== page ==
Friday 20 March – The International Day Of Happiness
19 March 2020
Given the sense of panic that has engulfed the world recently, it's hard to conceive of an International Day of Happiness – but it is just around the corner on Friday 20 March 2020.
The day has been coined by the United Nations and is co-ordinated by Action for Happiness, a UK non-profit movement of 176,179 people from 180 countries, supported by a partnership of like-minded organisations.
Action for Happiness also boast of half-a-million social media followers and is backed by the Dalai Lama. Even Ban Ki-moon (Secretary-General of the United Nations from January 2007 to December 2016) endorses UN International Day of Happiness – the first of which took place in 2013.
Action for Happiness also has national chapters with associated non-profit partner organisations in Australia, Germany, Italy and Czech Republic.
Happiness – a priority
The day has grown in recognition as a profound shift in attitudes continues all over the world with people and employers recognising that progress should be about increasing human happiness and wellbeing, not just growing the economy – and that growing productivity without happiness is a retrospective notion.
All 193 United Nations member states have adopted a resolution calling for happiness to be given greater priority.
“The World Happiness Report offers the world’s governments and individuals the opportunity to rethink public policies as well as individual life choices, to raise happiness and wellbeing."
Professor & Member, Action For Happiness
World Happiness Report
The World Happiness Report ranks countries by their happiness levels. The 2019 report had a special focus on the theme of Happiness & Community.
Denmark, Norway, Iceland and the Netherlands completed the Top 5
Governments should take happiness more seriously if they want to stay in power
Social media is making young people unhappy
"We are in an era of rising tensions and negative emotions and these findings point to underlying challenges that need to be addressed,” continued Professor Sachs.
The Action for Happiness course that can make you happier than getting married or finding a job
New research has found that taking a happiness course can raise your life satisfaction more than getting a long-term partner or finding employment.
The findings came in the same week as Blue Monday – fictitiously the most depressing day of the year.
The Exploring What Matters course developed by Action for Happiness has been evaluated by a Randomised Controlled Trial (RCT) carried out by academic experts from the Centre for Economic Performance at the London School of Economics, the Wellbeing Research Centre at Oxford University and University College London as part of the evidence programme of the What Works Centre for Wellbeing.
Nancy Hey, Director of the What Works Centre for Wellbeing, said:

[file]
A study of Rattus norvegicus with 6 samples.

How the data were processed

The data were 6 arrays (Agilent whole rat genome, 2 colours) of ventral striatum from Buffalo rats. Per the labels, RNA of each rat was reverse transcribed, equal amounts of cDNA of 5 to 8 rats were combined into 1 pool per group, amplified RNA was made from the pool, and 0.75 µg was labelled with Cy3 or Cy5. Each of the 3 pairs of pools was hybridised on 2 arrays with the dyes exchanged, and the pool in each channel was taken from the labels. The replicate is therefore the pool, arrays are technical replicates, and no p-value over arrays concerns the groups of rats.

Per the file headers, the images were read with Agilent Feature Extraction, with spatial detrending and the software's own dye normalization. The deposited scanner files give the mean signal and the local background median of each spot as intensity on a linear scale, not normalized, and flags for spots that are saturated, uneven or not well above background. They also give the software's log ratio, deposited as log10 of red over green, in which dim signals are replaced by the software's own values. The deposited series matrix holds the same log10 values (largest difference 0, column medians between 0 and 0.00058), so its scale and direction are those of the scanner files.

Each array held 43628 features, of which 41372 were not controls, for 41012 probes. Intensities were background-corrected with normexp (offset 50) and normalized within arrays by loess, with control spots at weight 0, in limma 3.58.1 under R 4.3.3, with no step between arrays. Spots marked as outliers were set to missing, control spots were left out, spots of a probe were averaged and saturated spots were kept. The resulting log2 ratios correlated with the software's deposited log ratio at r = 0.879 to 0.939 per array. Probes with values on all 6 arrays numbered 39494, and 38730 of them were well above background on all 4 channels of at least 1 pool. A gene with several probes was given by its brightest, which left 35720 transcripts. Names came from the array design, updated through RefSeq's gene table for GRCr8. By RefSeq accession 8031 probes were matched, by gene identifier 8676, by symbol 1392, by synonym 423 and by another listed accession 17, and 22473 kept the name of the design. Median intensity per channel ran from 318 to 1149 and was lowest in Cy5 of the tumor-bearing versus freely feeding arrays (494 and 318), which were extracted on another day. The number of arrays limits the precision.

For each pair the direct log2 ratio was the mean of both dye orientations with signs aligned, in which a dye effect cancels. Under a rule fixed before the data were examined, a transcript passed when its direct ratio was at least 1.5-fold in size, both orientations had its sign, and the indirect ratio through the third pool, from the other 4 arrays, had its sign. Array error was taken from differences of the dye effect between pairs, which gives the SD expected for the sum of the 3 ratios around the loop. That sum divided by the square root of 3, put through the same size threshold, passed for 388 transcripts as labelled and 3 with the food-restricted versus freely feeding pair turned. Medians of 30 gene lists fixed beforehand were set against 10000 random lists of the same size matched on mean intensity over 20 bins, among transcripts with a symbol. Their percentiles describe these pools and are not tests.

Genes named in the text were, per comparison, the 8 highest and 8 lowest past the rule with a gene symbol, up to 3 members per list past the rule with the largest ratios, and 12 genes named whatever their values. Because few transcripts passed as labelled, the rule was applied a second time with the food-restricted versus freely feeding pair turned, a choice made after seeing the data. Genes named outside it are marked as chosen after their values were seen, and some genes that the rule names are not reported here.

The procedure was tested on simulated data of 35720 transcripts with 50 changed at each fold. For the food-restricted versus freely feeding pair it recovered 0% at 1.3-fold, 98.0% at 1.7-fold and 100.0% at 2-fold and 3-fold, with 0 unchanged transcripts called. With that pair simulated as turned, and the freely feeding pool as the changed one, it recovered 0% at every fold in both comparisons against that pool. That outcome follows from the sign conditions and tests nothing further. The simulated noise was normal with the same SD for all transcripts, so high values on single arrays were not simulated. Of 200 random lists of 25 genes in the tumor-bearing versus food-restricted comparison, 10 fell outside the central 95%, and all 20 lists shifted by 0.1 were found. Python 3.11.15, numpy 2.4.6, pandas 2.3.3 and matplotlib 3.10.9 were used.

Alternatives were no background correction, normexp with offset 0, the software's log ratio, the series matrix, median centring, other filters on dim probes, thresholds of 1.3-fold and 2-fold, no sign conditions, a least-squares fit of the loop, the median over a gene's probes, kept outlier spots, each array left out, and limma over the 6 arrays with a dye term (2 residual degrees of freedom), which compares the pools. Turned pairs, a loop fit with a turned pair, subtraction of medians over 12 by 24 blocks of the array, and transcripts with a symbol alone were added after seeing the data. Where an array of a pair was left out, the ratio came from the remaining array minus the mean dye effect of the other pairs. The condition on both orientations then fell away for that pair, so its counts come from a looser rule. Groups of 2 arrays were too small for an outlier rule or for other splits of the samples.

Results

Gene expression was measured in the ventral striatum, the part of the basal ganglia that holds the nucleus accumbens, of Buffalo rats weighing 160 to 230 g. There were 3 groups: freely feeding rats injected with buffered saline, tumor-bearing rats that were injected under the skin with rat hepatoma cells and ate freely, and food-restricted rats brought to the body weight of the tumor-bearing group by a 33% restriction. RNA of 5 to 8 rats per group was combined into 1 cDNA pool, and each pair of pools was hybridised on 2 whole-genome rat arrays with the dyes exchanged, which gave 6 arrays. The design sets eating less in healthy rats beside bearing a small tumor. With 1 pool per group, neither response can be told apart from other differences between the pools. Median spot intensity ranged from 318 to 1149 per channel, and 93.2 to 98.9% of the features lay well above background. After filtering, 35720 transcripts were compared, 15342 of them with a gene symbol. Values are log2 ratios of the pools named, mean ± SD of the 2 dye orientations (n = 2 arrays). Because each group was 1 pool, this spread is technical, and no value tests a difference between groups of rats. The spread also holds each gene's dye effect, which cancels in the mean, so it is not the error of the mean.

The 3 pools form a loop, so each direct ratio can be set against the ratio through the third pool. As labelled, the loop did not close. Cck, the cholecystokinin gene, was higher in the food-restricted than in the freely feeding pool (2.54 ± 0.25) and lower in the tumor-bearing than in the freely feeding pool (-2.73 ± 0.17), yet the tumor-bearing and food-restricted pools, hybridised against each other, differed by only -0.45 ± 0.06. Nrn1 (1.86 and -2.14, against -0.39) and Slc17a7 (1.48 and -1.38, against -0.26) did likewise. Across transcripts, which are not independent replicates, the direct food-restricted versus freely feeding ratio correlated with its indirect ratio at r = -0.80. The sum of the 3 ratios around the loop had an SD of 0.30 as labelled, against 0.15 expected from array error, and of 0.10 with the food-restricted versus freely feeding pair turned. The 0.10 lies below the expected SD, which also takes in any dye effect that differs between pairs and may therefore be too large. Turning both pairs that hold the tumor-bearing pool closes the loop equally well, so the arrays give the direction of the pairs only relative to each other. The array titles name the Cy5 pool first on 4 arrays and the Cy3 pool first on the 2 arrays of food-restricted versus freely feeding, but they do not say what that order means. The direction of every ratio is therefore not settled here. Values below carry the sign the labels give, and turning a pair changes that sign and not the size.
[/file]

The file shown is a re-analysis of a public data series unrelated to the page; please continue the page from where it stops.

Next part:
"Britain faces an important challenge around mental health issues and loneliness, yet surprisingly little research has been done previously to evaluate ways to improve wellbeing for the general population, especially in local communities. The Action for Happiness course takes a unique, evidence-informed approach and the results of this research are extremely promising. Running these courses more broadly across the UK could potentially make a really big difference in improving people's lives and increasing national wellbeing".
The course is currently led by volunteers and takes place face-to-face in local communities over 8 weekly sessions. It is offered on a donation-basis – so it remains accessible to everyone – and has already ran in hundreds of locations across the UK.
Dr Mark Williamson, Chief Executive of Action for Happiness, said: "This course brings people together face-to-face in a supportive local group to explore what really matters in life. There's no magic formula for happiness, however the course helps people feel more connected to others, discover a greater sense of purpose and identify simple actions they can take to be happier and to help others. This new research backs up what hundreds of people have already told us - taking part in these groups is life changing."
In terms of personal wellbeing, Life Satisfaction increases by around one whole point on the 0-10 scale, from an average of 6.4 out of 10 before the course to 7.4 after the course. This increase (+1.0) is greater than those from other major life events such as being partnered as opposed to single (+0.59) or being employed as opposed to unemployed (+0.7), when compared with findings from other cross-sectional studies of wellbeing in the UK.
The organisation says: 'Having researched thoroughly and had much discussion, our recommended response in brief is:
Listen to the experts: Leading health authorities tell us that our actions now can reduce the burden on the healthcare systems and help save lives. We all need to respond.
2. Keep calm (but don't carry on): In light of the latest expert advice, our recommendation is to avoid non-essential face-to-face gatherings for the time being to help slow the spread of the virus.
3. Make wise & kind choices: We can all help to reduce the impact of this virus by looking after our own health, washing our hands, self-isolating if needed and being kind and considerate to others.
“This International Day of Happiness is more than just a fun celebration, it also remind us all that the world is a better place when we connect with and care about the people around us”
–Dr Mark Williamson (March 2015)
Member, Action For Happiness
Picture: March 20 is the UN International Day Of Happiness when we should all try to be kinder and happier. In January 2011, Action for Happiness partnered with BBC Breakfast to produce a Happiness Challenge Workbook (from which our image is taken).